Market - - Feb 21,2017
US household debts rose by $226 billion in the last quarter of 2016, bringing it to a total of $12.58 trillion
According to a report by Federal bank of New York, in 2016 household debt increased by $460 billion, the highest one-year increase in about a decade. The figure also represents a $226 billion increase in household debt for the last quarter in 2016, the sharpest quarterly increase since 2013.
Total household debt now is $12.58 trillion, which means that the household debts is now flirting with 2008 levels when the value reached a record high of $12.68 trillion.
The largest share of US household debts comes from mortgages, which consumes about 67 percent of the total US household debts and ended the year 2016 at $8.48 trillion.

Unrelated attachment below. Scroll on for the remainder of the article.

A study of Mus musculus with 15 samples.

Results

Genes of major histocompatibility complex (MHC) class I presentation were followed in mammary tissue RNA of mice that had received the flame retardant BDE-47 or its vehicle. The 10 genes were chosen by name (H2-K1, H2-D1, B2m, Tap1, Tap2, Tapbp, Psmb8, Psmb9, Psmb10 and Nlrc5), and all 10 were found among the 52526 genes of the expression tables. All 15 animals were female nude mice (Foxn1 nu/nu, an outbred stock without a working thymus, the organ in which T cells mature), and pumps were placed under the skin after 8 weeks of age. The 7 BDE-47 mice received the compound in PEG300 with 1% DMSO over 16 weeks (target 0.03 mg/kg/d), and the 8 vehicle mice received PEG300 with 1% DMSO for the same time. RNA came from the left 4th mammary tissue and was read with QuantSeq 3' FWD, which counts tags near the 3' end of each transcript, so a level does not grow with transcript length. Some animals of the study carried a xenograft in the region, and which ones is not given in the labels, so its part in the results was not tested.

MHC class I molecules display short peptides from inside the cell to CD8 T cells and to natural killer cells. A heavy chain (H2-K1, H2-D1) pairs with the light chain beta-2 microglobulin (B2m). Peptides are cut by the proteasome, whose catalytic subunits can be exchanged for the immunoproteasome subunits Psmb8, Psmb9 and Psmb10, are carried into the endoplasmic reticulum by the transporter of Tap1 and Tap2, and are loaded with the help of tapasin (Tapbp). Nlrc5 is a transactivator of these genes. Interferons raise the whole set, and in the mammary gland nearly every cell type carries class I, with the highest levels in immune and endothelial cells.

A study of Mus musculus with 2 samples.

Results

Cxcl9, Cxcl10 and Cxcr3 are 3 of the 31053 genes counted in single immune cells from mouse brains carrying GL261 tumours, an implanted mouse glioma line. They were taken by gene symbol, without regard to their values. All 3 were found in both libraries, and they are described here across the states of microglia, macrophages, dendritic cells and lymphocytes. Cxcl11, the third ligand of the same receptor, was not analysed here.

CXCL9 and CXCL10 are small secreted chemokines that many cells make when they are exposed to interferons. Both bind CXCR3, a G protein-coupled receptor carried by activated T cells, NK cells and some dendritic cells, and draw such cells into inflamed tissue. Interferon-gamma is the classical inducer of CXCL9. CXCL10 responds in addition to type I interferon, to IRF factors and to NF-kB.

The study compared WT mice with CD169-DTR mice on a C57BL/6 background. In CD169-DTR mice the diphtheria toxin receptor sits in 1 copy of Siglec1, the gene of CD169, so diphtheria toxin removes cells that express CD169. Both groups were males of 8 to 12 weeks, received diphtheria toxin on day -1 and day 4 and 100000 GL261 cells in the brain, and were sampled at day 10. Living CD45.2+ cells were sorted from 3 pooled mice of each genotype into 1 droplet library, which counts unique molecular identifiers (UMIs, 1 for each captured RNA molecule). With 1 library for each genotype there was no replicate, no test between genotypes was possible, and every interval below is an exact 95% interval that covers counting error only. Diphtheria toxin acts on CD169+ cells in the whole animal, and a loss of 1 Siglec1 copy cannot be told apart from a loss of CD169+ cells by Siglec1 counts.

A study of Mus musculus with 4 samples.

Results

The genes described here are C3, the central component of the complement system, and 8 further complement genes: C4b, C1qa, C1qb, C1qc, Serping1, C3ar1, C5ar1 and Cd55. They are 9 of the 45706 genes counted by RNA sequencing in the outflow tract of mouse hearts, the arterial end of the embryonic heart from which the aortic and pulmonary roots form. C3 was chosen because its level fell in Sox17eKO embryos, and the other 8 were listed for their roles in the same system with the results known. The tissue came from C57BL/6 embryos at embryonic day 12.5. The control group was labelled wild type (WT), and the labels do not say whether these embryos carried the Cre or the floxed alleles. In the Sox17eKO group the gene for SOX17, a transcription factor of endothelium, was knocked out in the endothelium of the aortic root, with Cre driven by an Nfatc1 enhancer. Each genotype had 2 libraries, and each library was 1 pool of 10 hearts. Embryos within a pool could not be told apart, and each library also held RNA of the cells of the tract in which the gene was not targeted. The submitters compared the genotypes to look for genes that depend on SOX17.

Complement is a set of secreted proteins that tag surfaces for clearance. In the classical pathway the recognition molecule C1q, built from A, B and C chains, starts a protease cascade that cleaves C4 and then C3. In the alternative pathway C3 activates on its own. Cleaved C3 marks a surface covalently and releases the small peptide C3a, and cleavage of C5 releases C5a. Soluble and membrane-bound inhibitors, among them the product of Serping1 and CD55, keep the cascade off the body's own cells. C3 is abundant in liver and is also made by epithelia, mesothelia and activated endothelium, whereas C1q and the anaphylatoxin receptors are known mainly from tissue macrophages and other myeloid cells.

However, the rise in non-housing debts, which includes credit card debt, auto debt and student debt are the significant factors responsible for the rebound in debts.
Student loan debt increased by $31 billion in the last quarter of 2016, to a total of about $1.31 trillion and accounts for about 10 percent of all household debt. Auto loans increased by $22 billion to reach a record high and are about 9 percent of all the household debt. Credit card debts increased by $32 billion to reach $779 billion and are about 6 percent of all the household debt.
While the above figures may sound disturbing, but the matter is not as serious as it was in 2008. Fewer delinquencies show the positive side of 2016, at the end of the year, only 4.8% of all household debts were offending as compared to 8.5% of all household debts in 2008.